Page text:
Legend of the Fall
by Jimmie Tramel, Tulsa World Sports Writer
July 1, 2008

We — media, fans, everybody — underestimated Uwe von Schamann.

We have always treated the former University of Oklahoma kicker like he was capable of telling just one classic story, as if he was college football's Harper Lee.

University of Oklahoma kicker like he was capable of telling just one classic story, as if he was college football's Harper Lee.

But von Schamann has many stories, like the time he hitchhiked from Memphis to Texas as a penniless teenager, and he is searching for an author and publisher who can put the tales in book form.

Of course, the story everyone asks von Schamann to tell - and he happily obliges - is the one that immortalized him in Sooner lore.

Von Schamann booted an onside kick and hit a 41-yard field goal with three seconds left to give OU a 29-28 triumph at Ohio State in 1977.

Why is that game any different than any of the other million games decided by a late field goal? Because von Schamann did something before the kick that seemed just plain crazy. Ohio State coach Woody Hayes called timeout to play mind games with the kicker. Buckeye fans began chanting "block that kick." Caught up in the heat of the moment, von Schamann flailed his arms and led the cheer.

The film clip has been viewed more than 32,000 times on YouTube. Now von Schamann is trying to get the rest of his stories to the masses and some of them - especially the ones co-starring his mother, Karin - rank high on the peril meter.

"I hope my story is good enough for a book and hopefully it might be inspirational for people, focusing on relationships that we have with our parents or a parent," he said.

Von Schamann wants to write the book to honor his mother, who grew up in Germany during World War II and spent a chunk of her life as a refugee. When little Uwe came along in 1956, she raised him as a single parent. He said he never went without food.

Karin brought her son to the U.S. for the first time when he was 14 and neither could sprechen much English. They intended to visit friends in Fort Worth, but had only enough cash for airfare to New York and a bus ride to Memphis. If you want all the juicy details, you will need to buy the book. But they thumbed a ride all the way to Texas, and Karin might have even married one of the folks who offered them a ride.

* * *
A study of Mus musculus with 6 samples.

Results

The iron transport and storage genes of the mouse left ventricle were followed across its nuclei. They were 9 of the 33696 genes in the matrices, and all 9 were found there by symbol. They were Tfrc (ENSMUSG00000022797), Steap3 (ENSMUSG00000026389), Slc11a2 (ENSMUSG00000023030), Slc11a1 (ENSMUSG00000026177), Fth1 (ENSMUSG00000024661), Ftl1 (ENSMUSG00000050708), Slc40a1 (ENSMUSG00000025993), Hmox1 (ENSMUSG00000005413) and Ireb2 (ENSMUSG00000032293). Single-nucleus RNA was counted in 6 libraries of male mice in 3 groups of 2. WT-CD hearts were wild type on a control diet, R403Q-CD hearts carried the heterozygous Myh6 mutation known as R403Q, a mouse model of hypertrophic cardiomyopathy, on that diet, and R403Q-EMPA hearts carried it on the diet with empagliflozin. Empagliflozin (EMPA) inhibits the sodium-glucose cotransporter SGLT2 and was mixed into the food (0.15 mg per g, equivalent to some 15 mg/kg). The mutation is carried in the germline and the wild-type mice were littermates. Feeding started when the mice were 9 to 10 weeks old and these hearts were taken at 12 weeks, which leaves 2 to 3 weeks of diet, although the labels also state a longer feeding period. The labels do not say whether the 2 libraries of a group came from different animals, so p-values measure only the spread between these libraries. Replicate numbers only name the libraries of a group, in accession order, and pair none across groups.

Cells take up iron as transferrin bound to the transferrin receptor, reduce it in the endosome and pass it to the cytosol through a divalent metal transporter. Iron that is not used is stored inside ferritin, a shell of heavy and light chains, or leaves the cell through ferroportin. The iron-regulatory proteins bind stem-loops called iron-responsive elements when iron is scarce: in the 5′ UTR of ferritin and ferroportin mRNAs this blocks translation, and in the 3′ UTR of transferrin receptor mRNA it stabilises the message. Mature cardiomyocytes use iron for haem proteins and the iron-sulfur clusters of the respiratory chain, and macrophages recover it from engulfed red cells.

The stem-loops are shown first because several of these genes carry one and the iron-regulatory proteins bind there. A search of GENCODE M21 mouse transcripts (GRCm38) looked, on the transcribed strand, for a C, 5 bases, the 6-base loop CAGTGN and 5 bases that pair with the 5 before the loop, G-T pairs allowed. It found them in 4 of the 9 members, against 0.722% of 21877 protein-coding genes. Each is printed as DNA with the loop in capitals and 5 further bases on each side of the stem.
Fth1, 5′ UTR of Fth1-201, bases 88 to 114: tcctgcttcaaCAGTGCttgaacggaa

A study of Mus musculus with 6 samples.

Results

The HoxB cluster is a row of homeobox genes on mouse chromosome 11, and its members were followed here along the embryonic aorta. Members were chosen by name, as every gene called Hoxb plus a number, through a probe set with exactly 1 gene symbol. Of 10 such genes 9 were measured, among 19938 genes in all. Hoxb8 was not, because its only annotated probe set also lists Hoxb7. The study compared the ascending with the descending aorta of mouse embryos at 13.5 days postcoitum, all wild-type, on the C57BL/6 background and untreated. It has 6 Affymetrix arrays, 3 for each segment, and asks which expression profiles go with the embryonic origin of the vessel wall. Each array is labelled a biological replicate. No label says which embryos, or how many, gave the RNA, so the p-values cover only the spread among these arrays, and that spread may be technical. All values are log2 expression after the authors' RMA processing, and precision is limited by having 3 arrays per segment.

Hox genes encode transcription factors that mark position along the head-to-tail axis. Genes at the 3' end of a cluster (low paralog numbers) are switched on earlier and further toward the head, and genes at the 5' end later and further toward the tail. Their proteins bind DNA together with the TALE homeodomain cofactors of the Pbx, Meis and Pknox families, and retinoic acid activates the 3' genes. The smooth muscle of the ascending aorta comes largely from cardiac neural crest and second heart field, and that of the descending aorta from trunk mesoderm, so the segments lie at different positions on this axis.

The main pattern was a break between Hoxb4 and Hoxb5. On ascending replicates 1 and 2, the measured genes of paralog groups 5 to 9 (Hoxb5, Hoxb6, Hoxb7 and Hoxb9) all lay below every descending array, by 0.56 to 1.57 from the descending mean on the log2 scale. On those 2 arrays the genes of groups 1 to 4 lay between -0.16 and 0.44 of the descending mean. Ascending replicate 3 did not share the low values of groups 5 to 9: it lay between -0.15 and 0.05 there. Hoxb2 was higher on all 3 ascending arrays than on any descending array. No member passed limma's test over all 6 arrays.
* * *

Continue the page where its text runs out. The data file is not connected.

Reflecting back on the hitchhiking trek, Uwe said, "It's crazy. If you had any sense, you wouldn't want to do that actually.

"But back in the '70s it was a little different. I remember hitchhiking with my mother when I was just a little boy on the autobahn there in Germany. I remember getting a ride with a motorcycle cop, and I am hanging on for dear life. Mom was right behind the police officer, and I was right behind her on the luggage rack, so I'm just holding on. We were going 100 miles an hour down the highway.

"I just remember those days with her. It was always kind of an adventure. We lived kind of a gypsy life and moved around a lot, but she provided for me opportunities that maybe most people would not have had."

Karin and Uwe settled in Fort Worth, where he was discovered by a high school football coach. Uwe was thrilled to learn he could get a college education (and, later, NFL paychecks) just for kicking an oblong ball.

Von Schamann, 52, and his mother put down roots in Norman, where he works as director of development and fundraising for the J.D. McCarty Center for children with developmental disabilities. The center recently moved to a new 80-acre campus and von Schamann said a groundbreaking will be held this fall for summer camp facilities for special needs kids. The camp is named in memory of Sammy Jack Claphan, a former OU lineman who blocked for von Schamann during his famous field goal. Claphan worked with special needs children in his hometown of Stilwell before dying in 2001 at age 45.

Von Schamann said about a million dollars must be raised to complete phase II of the project. His contact information is available at www.jdmc.org.

Meanwhile, von Schamann and his mom are still globetrotting, if not hitchhiking. They returned to Germany last fall and she took photos as he crossed the Berlin Marathon finish line.

Karin turned 70 in February, and Uwe took her to Germany in March for her first ski trip.

It is payback for a woman von Schamann calls the hardest-working and most reliable person he has ever known.

"It wasn't easy for her to raise me because she didn't really have any help from her family," he said. "It was just a hard life for her. But she can live on next to nothing. She is the ultimate survivor. She is tough as nails. She is a tiny woman, but she can outwalk anybody. Even when we were in Europe, I had to tell her 'slow down mom.' "

Apparently, strong legs run in the family.